What Is the State Flower of Idaho?

Angela Farrer
Angela Farrer
Woman holding a book
Woman holding a book

The state flower of Idaho is the syringa mock orange, which is also sometimes known by its Latin name: Philadelphus lewisii. The syringa typically blooms throughout the late spring and early summer, and it is found growing on deciduous shrubs that commonly thrive in the local climate of this state. Syringa blooms are known for their thick white petals and hearty resistance to drought and harsh weather. This plant was chosen as the state flower of Idaho following the results of a design contest for the state seal soon after Idaho was granted official statehood.

Syringa shrubs are able to grow up to 8 or 9 feet (2.4 to 2.7 m) high in the wild and are still common in many wilderness areas of the state. Long before its adoption as the state flower of Idaho, local Native American tribes used the plants' extracts for several different purposes. They often milled soap from the mock orange leaves and bark; they also fashioned weapons, snowshoes, and farming tools from the syringa branches.

Idaho was admitted to the United States in the summer of 1890, and state leaders recognized the need for a state symbol such as a seal in order to give the new state's residents a feeling of common identity. Many of them recognized the tendency of some citizens to feel more connected to their state flowers than to one national flower. One of the state legislature's first orders of business was to organize an art and design contest with a prize of $100 US Dollars (USD) going to the winning design for the new state symbol. An artist from New York named Emma Sarah Etine Edwards won the contest with her drawing of a state seal that featured a syringa mock orange blossom. Edwards had recently arrived in Idaho on her way to a teaching job in California but decided to stay in Boise because of how much she liked the area and the people.

A few years after the design contest, the syringa mock orange flower was selected to represent Idaho at the 1893 Chicago-based World Exposition. Although the mock orange was designated the state flower of Idaho before the end of the nineteenth century, it was not officially adopted by written statute until 1931. Despite the fact that the process took several decades for the state flower of Idaho to appear in the legislature's declarations and statutes, the syringa was already well-established in the minds of many long-term Idaho citizens.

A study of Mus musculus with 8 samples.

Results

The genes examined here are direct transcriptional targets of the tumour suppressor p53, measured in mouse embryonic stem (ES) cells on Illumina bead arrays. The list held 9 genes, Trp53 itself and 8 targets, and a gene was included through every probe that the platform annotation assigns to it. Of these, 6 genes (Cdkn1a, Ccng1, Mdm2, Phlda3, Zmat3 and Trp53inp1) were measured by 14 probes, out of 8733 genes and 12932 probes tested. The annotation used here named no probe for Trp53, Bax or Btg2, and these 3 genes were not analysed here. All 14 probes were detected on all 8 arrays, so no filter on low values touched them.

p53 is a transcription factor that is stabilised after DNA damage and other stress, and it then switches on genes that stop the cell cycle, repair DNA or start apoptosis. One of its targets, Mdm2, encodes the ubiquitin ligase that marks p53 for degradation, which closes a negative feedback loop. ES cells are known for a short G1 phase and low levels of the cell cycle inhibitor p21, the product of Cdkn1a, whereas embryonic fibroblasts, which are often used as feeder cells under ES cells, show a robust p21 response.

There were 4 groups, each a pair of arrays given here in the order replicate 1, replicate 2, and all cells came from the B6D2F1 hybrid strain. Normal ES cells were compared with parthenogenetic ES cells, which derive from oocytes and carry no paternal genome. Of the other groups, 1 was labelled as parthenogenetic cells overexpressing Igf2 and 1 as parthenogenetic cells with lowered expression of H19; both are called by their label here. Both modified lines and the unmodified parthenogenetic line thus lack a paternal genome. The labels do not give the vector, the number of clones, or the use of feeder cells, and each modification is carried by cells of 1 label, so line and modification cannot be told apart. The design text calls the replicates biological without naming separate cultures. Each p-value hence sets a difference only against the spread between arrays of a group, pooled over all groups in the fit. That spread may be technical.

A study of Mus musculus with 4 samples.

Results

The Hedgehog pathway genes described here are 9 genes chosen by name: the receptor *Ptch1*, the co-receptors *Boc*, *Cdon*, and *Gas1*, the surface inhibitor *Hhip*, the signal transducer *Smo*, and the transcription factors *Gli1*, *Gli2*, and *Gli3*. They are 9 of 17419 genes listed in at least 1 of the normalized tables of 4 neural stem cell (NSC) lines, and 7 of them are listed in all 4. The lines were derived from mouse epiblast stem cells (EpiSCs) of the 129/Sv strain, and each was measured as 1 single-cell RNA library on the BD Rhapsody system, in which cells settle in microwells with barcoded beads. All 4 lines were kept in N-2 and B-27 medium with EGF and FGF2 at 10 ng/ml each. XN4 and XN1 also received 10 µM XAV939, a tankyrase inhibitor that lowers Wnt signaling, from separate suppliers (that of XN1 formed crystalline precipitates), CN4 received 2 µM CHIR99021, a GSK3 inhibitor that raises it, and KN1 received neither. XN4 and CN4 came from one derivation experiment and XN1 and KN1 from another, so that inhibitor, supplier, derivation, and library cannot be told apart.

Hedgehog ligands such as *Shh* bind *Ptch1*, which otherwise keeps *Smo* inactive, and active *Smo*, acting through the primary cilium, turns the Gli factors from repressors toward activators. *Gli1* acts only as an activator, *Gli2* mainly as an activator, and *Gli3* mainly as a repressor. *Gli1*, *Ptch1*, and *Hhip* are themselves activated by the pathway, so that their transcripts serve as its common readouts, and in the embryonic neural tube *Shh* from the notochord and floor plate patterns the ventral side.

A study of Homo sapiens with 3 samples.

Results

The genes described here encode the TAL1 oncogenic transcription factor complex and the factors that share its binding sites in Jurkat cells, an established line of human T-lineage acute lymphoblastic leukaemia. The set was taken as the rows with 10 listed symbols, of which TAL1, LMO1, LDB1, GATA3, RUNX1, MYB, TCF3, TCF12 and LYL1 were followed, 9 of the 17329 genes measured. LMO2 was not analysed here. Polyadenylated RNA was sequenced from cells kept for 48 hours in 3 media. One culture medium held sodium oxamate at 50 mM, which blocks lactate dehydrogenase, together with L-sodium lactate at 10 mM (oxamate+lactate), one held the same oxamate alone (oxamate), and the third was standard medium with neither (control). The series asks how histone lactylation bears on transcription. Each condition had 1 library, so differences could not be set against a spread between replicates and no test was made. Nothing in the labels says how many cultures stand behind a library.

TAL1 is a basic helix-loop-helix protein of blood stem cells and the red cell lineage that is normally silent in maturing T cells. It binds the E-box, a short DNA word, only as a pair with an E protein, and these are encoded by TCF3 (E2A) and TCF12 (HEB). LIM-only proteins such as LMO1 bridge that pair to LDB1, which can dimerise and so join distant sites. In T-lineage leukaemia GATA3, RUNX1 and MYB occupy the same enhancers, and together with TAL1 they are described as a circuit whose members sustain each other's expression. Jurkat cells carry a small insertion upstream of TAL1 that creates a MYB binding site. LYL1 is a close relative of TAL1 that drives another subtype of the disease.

I don't know much about the history behind it, I just remember studying about it in history class. This motto is also on our state seal and state flag.

The state bird of Idaho is the bluebird. This makes a little more sense to me, as I always see a lot of these in the spring.

I know some people in other parts of the country have a hard time getting bluebirds to nest in their yard. Any time I have put up a blue bird house, I always get them to nest.

They are beautiful, cheery birds that I really enjoy seeing around my yard.


@John57 - I have been through the state of Idaho, and it is a beautiful state. I don't remember seeing the mock orange, but know the Idaho state tree is the White Pine.

This is something you can definitely smell when you are close to them. The smell of fresh pine is invigorating and they have a lot of them.

When I lived in Iowa their state flower is the wild rose. I think there are several states that have this as a state flower.

About the only time I saw this was when I was driving around the country and saw it growing. It is different than the roses you see people planting around their homes. The wild rose has smaller blooms, but is still fragrant.

I always find it fascinating to know that a state motto, flower and song are. It gives you a quick history lesson on what the state stands for and what their climate is like.


I wonder if Idaho is the only state that has the mock orange as its state flower?

I don't live in Idaho, but have a climate similar to it and have never had good luck getting this to grow in my area.

I live in Zone 5 and we get cold winters and have been known to have very dry summers. After trying more than once, I finally gave up.

The beautiful white blossoms with the sweet orange fragrance was something that always appealed to me.

I wonder if you can smell this fragrance as you are driving through the state of Idaho. There are a lot of wide open spaces in this state, and that would certainly add a nice touch to the landscape.


@Denha- I think that commonly, though, the fact that something is popular or numerous in a state is why it's a symbol. I went to school in Minnesota, which even has a state muffin- blueberry- and I don't have any idea why it would. I didn't even know until I looked it up for something else. All these state symbols are kind of strange, but I guess it shows the different reasons that people have to be proud of their states.


All states have their own symbols, but it's hard to know the facts about why. I like that Idaho picked something so useful, and it makes sense. The mock-orange is plentiful in Idaho, and it's useful in so many ways. I used to live in Ohio, and as far as I know, the buckeye was the state tree merely because there were so many.